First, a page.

ExecuJet preps for reset; revamps sales structure
Trading conditions for business aviation remain “bleak,” according to ExecuJet Aviation CEO Niall Olver, but in his view the downturn has provided the stimulus for a much-needed “reset” for the industry and its “unsustainable” business models. “The market became overheated and now we are trying to weather the downturn by resetting our cost base at ExecuJet to ensure that cash flow remains positive,” he told NBAA Convention News.
One business model in particular that Olver feels has become unsustainable is exclusive sales representation by companies such as his for business aircraft manufacturers. He believes that the more fluid and independent way in which many customers now choose and purchase aircraft has made this arrangement as outdated and redundant as many traditional travel agents and insurance agents have become in recent years.
It was this thinking that prompted ExecuJet to agree with Bombardier Aerospace to transition the long-standing agreement under which it had been exclusive sales agent for new Bombardier business aircraft in numerous territories across the Middle East, Africa, Australasia and Scandinavia, into a nonexclusive arrangement. According to Bombardier, the two companies terminated the exclusivity arrangement effective June 30, 2009, by mutual agreement, “in order to allow for more flexibility given the evolution of the respective businesses and the market.”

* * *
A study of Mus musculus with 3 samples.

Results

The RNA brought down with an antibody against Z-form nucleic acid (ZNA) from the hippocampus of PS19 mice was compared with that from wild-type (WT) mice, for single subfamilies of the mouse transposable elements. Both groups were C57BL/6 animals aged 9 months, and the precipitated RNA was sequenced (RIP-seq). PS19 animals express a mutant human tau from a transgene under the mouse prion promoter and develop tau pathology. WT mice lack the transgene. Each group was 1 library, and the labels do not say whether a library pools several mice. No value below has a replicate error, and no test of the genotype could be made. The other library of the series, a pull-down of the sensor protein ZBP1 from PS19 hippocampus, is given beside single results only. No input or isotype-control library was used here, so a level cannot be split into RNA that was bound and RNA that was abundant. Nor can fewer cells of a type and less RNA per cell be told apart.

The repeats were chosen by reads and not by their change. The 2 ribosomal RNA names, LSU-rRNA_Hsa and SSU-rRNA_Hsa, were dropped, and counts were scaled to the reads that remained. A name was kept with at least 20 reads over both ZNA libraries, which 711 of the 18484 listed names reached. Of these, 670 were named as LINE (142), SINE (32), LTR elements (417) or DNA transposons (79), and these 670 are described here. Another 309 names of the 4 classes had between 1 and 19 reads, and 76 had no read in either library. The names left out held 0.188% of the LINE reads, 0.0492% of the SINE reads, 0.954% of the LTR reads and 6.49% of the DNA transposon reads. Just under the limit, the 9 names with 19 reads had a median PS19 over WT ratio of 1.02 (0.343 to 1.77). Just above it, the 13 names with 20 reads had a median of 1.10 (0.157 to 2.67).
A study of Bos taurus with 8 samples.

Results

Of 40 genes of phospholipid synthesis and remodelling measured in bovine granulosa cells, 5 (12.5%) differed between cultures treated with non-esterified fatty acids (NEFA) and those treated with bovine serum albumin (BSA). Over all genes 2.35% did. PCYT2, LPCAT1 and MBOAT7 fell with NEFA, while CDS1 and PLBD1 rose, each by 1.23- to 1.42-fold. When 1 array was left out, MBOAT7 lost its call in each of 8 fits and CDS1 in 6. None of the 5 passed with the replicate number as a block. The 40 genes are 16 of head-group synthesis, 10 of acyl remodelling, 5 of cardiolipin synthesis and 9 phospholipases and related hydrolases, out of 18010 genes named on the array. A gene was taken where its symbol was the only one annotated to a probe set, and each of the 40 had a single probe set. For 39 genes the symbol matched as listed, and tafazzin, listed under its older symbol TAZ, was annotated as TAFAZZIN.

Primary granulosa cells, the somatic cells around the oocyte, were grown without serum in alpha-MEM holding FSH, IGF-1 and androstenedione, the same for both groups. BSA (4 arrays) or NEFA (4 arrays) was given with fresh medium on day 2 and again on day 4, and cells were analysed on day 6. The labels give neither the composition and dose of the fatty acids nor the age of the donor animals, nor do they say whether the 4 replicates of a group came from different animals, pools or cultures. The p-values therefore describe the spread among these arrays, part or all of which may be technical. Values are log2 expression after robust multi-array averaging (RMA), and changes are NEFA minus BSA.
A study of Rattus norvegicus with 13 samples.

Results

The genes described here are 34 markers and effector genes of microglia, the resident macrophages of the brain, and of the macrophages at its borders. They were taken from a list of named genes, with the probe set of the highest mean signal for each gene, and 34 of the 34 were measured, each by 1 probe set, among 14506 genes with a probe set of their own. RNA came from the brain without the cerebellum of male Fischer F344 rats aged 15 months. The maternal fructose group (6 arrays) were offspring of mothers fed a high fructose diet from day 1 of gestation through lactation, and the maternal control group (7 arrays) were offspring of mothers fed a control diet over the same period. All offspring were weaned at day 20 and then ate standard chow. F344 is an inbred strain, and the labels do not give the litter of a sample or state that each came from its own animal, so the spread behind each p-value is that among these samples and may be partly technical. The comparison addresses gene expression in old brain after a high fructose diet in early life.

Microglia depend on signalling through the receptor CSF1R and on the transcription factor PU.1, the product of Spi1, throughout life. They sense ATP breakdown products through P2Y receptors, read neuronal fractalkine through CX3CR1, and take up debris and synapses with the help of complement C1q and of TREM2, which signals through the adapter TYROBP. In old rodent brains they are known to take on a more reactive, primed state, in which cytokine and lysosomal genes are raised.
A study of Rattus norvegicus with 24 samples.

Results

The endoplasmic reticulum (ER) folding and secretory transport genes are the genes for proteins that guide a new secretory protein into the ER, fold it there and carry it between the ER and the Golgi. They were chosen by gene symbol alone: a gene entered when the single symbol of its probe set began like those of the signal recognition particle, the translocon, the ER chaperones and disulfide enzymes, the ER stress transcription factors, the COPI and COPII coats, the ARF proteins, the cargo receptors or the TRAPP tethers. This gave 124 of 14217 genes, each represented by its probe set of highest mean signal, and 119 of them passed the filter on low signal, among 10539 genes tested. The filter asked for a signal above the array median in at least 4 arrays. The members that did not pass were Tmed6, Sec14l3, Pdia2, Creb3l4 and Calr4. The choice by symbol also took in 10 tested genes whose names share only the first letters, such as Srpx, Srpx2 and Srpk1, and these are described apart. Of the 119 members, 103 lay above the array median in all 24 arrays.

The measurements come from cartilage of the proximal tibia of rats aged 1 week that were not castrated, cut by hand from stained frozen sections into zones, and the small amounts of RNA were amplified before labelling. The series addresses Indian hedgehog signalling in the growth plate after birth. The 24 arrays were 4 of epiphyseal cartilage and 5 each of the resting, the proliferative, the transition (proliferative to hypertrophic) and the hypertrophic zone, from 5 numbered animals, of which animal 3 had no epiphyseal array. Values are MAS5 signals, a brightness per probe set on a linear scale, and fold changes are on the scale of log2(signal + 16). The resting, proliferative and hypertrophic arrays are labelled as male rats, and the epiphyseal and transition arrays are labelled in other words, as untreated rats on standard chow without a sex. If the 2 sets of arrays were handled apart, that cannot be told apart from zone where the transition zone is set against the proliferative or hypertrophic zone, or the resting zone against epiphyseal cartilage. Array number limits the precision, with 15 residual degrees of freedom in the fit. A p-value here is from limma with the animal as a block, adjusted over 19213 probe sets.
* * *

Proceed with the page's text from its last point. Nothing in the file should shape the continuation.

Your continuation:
“The market is maturing a lot, and one of the big differences is that the notion of customers working exclusively through agents and representatives [to buy aircraft] is going [away],” explained Olver. “We see no point in perpetuating this concept and thus we now want to leverage our strong position as a solutions integrator in the aircraft sales and support process, and in so doing be more customer-centric.”
For the time being, contractual terms mean that ExecuJet cannot sell new aircraft for other manufacturers but the group also remains at liberty to sell Bombardier products and is active in all avenues of the used aircraft market. Olver emphasized that ExecuJet remains a strong supporter of Bombardier and will continue to operate authorized service centers for the OEM worldwide.
“We are looking at a slow recovery and the industry will not be going back to the hype we have seen in recent years,” commented Olver. In his view, the executive charter market remains soft in Europe, but on the other hand, ExecuJet has seen a boost in its aircraft management business– possibly because some smaller operators have gone out of business.
Olver added that aircraft sales “fell off the map” beginning around November 2008, although the company did see an increase in transactions completed during July and August with deals generally taking longer to complete. ExecuJet’s aircraft maintenance operations have started to pick up in some areas, and while its FBO business has certainly seen lower levels of traffic, the drop in throughput does seem to have stopped. “When industry does come back it will be more about efficiency and modesty,” Olver concluded.
Despite the global scope of the financial crisis, its impact on business aviation has not been geographically uniform, with ExecuJet seeing less of a downturn in South Africa, Australia and the Middle East but significantly worse trading conditions in Europe.
ExecuJet, along with its partner Lufthansa Technik, is continuing to demonstrate its close relationship and strong ties with Bombardier, but it is also supporting Aerion in marketing efforts outside the U.S. for its proposed supersonic business jet.